I came home the other day exhausted from listening with my hearing loss in a social gathering. Two very good friends whom I’ve known for over thirty years were in town, and we planned a lunch date as we had not gotten together for some time. My friends and I met in graduate school in the late 1980s. We supported each other through the hard work of our Master’s in Business Administration program. We are close in age and have similar joys and issues with marriages, children, and husbands.
I knew our visit would not be easy on me due to my hearing loss. We chose a restaurant that was noisy, but strategically located so none of us would have a long drive. When arriving at the restaurant, we were shown to one table. One of my friends noticed another available in a corner, and inched me towards the alternate table instead, knowing the corner and back wall would be better for my hearing. What a considerate friend! Both friends remembered my struggle with hearing loss through graduate school. Since we have exchanged emails and kept in touch about my hearing since that time, they are aware of my nose dive from moderate to profound hearing loss.
We talked about my hearing and what I was doing to help myself. I shared about my new Oticon OPN aids and how wonderful they are. How, like many hearing aids today, they help reduce background noise in loud settings but how I still had to focus…. and focus hard. If I found myself drifting or lost in a thought about something someone said, I would lose the conversation and have to ask someone to repeat. My friends didn’t mind. In fact, they went out of their way to make sure I heard everything.
We talked through lunch and for an hour afterwards, catching up about children and grandchildren and what we had been doing to keep ourselves busy with retirement. Our stories varied, and I was pleased to hear my friends, like me, had taken up hobbies and activities they were too busy to do when raising a family and working. One friend, a long-time music fan, now plays the organ for her church and the other concentrates on golf and bridge. We felt fortunate in our new lives. When the afternoon came to an end, we hugged and made promises not to let so much time go by before seeing each other again.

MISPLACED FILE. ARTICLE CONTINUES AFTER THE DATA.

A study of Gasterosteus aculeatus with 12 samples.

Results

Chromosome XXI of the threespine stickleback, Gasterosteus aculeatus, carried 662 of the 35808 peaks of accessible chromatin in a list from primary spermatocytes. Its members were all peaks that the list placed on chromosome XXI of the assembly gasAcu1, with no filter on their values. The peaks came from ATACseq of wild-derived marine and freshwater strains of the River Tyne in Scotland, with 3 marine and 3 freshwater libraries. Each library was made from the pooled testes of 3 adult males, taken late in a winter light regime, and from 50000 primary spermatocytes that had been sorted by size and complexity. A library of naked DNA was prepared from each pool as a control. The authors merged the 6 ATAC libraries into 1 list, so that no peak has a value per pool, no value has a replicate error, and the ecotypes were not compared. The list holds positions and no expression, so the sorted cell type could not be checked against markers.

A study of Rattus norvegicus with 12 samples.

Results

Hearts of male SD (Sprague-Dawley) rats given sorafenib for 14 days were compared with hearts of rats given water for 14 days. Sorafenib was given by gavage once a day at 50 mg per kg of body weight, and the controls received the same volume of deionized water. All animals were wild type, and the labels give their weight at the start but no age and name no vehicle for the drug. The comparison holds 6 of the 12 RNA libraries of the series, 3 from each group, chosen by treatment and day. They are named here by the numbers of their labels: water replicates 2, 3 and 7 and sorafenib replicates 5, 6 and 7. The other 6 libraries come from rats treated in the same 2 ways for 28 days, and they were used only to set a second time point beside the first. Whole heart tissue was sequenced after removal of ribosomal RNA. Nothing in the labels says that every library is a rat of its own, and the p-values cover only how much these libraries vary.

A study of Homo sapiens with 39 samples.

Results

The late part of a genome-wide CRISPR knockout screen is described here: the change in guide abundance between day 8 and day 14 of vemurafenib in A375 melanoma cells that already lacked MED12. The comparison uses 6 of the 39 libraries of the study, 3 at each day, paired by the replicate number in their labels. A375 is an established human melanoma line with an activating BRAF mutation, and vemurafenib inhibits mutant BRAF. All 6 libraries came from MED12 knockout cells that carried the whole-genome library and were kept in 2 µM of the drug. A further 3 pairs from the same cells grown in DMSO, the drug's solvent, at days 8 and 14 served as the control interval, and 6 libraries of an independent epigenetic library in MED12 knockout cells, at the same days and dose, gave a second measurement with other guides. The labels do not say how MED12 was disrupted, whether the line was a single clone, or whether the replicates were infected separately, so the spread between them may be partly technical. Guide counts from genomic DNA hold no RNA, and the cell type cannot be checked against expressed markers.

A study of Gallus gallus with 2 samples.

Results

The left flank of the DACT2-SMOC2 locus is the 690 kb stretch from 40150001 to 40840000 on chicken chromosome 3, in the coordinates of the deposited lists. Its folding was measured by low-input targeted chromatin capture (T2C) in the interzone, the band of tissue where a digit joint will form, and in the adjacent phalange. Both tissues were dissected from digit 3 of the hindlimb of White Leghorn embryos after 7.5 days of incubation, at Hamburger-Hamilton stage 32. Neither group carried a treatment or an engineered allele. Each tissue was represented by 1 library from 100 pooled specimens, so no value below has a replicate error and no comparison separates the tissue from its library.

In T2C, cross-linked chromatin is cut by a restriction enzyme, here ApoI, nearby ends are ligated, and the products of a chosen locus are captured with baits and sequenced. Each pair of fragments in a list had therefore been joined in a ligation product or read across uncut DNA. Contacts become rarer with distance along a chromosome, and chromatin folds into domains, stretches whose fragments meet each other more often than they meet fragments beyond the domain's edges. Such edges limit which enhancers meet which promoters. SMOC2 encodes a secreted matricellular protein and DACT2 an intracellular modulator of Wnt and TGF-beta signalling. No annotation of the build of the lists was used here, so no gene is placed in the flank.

Even with all these warm feelings and the thought of a very pleasant afternoon, I felt exhausted driving home. Having to concentrate to hear hit me suddenly. After entering my home, I headed to the couch for fifteen minutes to close my eyes and appreciate the silence.
I often wonder why struggling with hearing loss and the limited ability to hear can be so exhausting. Others with hearing loss have shared the same feelings with me. Some seem to take it all in stride, others do not. There are those who avoid large social gatherings where hearing will be too difficult. Others will avoid social situation all together due to the hard work and fatigue in efforts to communicate. The fatigue comes effort to “listen” and understand what is being said without losing track of the conversation. Age seems to be a factor in hearing loss fatigue as well. As I age, I have discovered it is harder to focus. It takes additional energy for me to hear. I have spoken with my audiologist about this and he has encouraged me to not give up on my social life but, rather, to practice hearing in social settings that are added work for me to hear. Regardless of the reasons behind the struggle, it helps to give the gift of down time, to get away and have peace and quiet. But to remain engaged and avoid additional health issues that come with isolation. My goal is to continue to move forward in meandering through the hearing world. It takes grit, patience and know-how to hear in various settings, especially in noisy environments. But there’s also knowing there are kind souls to help along. I’m grateful to all my very good friends who take the time to make sure I can hear. Ultimately, they ease my exhaustion.